Tuesday, November 19, 2019

Recommended: The Case of the Missing Auntie

 How often have you read a middle grade mystery novel that had you in tears just a few pages after making you laugh? That's what happened when I spent yesterday with an ARC of Michael Hutchinson's new Mighty Muskrats Mystery, The Case of the Missing Auntie (Second Story Press, 2019)

In The Case of Windy Lake, Hutchinson introduced four mystery-solving Cree cousins: Atim, Chickadee, Samuel, and Otter, known in their community as the Mighty Muskrats. Now he has the Muskrats head for the Big City to visit some more cousins, and to attend a big event called the Exhibition Fair. Hutchinson reveals a bit more about each character this time, along with a lot more about historical and contemporary Indigenous experience in the part of the world currently known as Canada.

Chickadee looks forward to the Exhibition (the Ex), but she's also on a mission. Their Grandpa has told her about his younger sister who was taken from a boarding school decades ago, and lost in "The Scoop" The family hasn't seen or heard from her since, and he wants very much to find her. "The Scoop" is the informal name for a set of Canadian policies that resulted in many First Nations children disappearing, forever separated from their families. Chickadee is determined to find out what happened to Auntie Charlotte, even if that means she has to guilt-trip her cousins into helping her. And even if she has to navigate the city transit system alone while Atim, Samuel, and Otter try to find a ticket for Otter to a sold-out concert by their favorite Indigenous band.

Hutchinson's storytelling is engaging. The kids find some good allies and face some unexpected challenges, even dangers. To say more about the plot lines might give something away. So.

Windy Lake featured some standout prose, and Hutchinson's way with words is evident in Missing Auntie as well. Here are a couple of examples.

a) Chickadee and her older cousin Harold are talking at breakfast about the contrasts between the Windy Lake reserve and the city. Harold says, "City people don't seem to know there is a different life out there. It's like the city mouse killed the country mouse and forgot he ever existed. Our people can get lost in the city." That sly reference to one of Aesop's fables made me smile and think, "Funny!" and "Yikes!" at the same time.

b) And here's part of the description of an arcade and pool hall the Muskrats enter during their effort to get that concert ticket for Otter: "The Crystal Palace was a mixture of deep shadows, colorful neon, and arcade lights. It smelled like the ghosts of greasy burgers and spilled pop....A palisade of pool sticks lined the outside walls. A scattering of players focused on their games. The smack and click of pool balls colliding kept a random tempo."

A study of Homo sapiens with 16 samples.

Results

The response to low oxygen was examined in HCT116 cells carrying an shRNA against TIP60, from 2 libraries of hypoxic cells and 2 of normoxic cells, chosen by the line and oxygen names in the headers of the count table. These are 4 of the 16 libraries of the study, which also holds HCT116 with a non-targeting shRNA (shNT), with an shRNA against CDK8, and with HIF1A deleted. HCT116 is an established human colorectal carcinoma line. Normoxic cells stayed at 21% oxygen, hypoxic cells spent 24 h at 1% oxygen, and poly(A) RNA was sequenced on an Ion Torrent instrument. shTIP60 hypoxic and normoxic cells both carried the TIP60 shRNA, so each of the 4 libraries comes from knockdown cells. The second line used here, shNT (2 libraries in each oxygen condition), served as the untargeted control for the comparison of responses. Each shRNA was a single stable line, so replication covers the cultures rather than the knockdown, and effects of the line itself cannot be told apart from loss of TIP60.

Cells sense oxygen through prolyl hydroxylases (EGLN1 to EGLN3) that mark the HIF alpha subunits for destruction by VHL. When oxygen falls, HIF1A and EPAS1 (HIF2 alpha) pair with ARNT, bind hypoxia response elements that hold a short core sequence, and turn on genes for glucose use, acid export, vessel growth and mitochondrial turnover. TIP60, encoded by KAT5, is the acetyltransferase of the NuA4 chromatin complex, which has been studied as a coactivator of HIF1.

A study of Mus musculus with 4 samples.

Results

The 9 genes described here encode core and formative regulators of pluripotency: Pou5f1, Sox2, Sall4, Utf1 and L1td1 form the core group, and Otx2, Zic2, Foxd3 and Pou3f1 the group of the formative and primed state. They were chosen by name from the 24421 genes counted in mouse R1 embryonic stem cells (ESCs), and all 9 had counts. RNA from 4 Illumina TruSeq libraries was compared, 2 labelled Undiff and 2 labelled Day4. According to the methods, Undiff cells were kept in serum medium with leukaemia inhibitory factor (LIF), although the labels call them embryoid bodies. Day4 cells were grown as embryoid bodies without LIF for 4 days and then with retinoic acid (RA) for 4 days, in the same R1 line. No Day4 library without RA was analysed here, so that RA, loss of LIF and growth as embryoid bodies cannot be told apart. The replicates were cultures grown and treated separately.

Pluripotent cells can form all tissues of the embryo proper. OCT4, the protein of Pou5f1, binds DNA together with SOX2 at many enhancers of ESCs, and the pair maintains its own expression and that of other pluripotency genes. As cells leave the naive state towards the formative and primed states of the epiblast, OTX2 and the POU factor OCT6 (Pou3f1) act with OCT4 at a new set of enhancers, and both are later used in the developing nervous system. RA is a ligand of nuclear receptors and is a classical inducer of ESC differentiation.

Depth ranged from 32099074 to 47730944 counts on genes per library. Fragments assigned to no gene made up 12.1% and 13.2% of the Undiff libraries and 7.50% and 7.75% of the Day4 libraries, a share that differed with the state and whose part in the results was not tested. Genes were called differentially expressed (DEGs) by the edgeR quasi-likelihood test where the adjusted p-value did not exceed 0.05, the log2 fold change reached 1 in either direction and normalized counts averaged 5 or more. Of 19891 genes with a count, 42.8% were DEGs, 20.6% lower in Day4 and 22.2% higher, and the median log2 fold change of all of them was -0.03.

But you don't get the impression that Hutchinson is bashing urban life -- the Muskrats meet some good people, people of subtle courage and outright heroism, along with racists, criminals, and people who have lost themselves. It's clear that the city can be a combination of the strange, the unfriendly, the wondrous, and the ordinary. And the characters of the Muskrats are developing, too, in ways that are easy to appreciate. These are good-hearted, caring, smart young people, but they're all individuals.

Hutchinson also weaves in factual information as the kids sort out what happened to their Grandpa's little sister.  Occasionally that can seem like a lot of exposition, but some readers won't know otherwise about the boarding schools and the Scoop, about present-day bureaucracy, about Canada's Truth and Reconciliation Commission, and about how the old racist policies continue to affect First Nations families today.

I found the ending to be realistic and satisfying, even though it unfolded in a way I didn't expect. Overall, Missing Auntie is a good read, with an emotional "punch," and I can hardly wait for the Mighty Muskrats to take their next case. But Missing Auntie won't be out until spring 2020. Preorder your copy now from Second Story Press!